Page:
Expert-driven Policy Change: Policy Learning in 2009 H1N1 flu pandemic policy-making

Stream: Panel 53 - Australian Politics / Media & Politics: Policy Reform and Institutional Change 
Date: Tuesday, 27 September 2016
Time: 4.00 pm – 5.30 pm

Abstract

When does new evidence induce policy change? A curious contrast between two most-similar states’ public health policy-making in response to a recent influenza pandemic offers an opportunity for answers. In-depth case studies by the author show that Dutch and Swedish 2009 H1N1 flu pandemic vaccination programs started off in the same vein, enabling general mass vaccination by ordering vaccines for all residents early on. In the face of new information showing that H1N1 was not a killer flu, the Swedes stayed on course, offering everyone vaccination when vaccines became available. In contrast, the Dutch changed course, offering vaccination only to at-risk groups. The more specific analytical question is: why did mortality make no difference to Swedish policy-makers and all the difference to their Dutch counterparts? This paper proposes and assesses explanations based on paradigm shifting, actor coalition frameworks, historical institutionalism and leadership blame-avoidance to develop an answer. It finds that neoinstitutionalism offers the most promising lead, with experts steering policy in both contexts. Dutch experts’ recommendations were sensitive to the actual mortality of 2009 H1N1 flu because Dutch pre-pandemic preparations had established mass vaccination as the appropriate response to killer flu only. In contrast, Swedish experts were insensitive to actual mortality because Swedish pre-pandemic preparations had established mass vaccination as the appropriate response to pandemic flu of any severity.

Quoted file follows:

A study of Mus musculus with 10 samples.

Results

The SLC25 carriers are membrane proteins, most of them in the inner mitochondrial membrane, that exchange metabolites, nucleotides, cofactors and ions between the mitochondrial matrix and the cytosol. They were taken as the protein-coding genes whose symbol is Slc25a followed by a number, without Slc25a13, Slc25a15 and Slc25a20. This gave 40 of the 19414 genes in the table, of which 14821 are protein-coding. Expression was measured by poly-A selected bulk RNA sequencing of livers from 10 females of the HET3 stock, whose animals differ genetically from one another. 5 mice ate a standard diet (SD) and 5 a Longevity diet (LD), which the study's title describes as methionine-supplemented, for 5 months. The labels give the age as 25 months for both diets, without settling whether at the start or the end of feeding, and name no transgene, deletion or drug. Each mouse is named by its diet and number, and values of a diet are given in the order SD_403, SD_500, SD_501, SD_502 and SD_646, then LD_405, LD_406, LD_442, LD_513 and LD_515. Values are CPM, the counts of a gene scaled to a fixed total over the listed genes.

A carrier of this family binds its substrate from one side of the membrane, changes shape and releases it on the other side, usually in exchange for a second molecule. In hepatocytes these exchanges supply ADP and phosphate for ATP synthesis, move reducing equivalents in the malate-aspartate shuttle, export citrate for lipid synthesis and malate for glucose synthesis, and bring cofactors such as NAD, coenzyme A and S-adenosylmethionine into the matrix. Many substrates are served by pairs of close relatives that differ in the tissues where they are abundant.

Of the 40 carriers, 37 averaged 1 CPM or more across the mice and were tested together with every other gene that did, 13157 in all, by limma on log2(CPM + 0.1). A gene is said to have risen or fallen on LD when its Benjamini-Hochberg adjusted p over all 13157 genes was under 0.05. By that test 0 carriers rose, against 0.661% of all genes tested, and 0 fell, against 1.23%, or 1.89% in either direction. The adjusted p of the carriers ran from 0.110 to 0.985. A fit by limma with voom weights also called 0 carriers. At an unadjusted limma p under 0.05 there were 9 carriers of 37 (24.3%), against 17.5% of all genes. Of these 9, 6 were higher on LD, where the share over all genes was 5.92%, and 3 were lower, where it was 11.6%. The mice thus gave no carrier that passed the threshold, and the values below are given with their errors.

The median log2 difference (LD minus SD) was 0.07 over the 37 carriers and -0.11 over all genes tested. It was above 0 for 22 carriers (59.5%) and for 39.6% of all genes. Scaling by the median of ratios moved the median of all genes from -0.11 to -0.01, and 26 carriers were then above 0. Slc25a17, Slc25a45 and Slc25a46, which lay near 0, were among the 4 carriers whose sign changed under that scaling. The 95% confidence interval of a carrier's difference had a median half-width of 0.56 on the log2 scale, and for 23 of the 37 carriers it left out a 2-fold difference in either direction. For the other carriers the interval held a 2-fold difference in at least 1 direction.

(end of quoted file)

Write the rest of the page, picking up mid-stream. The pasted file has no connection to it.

Author

Erik Baekkeskov (Presenter), The University of Melbourne
PhD in political science from University of California, Berkeley (2009). Formerly Assistant Professor at Roskilde University and at the University of Copenhagen in Denmark (2011-2016). Focused on comparative politics and public policy-making, with research in infectious disease pandemic preparedness and response, crisis management and public sector reform. Publications in journals such as Public Administration, Journal of European Public Policy, Administration & Society, and Disaster Prevention & Management.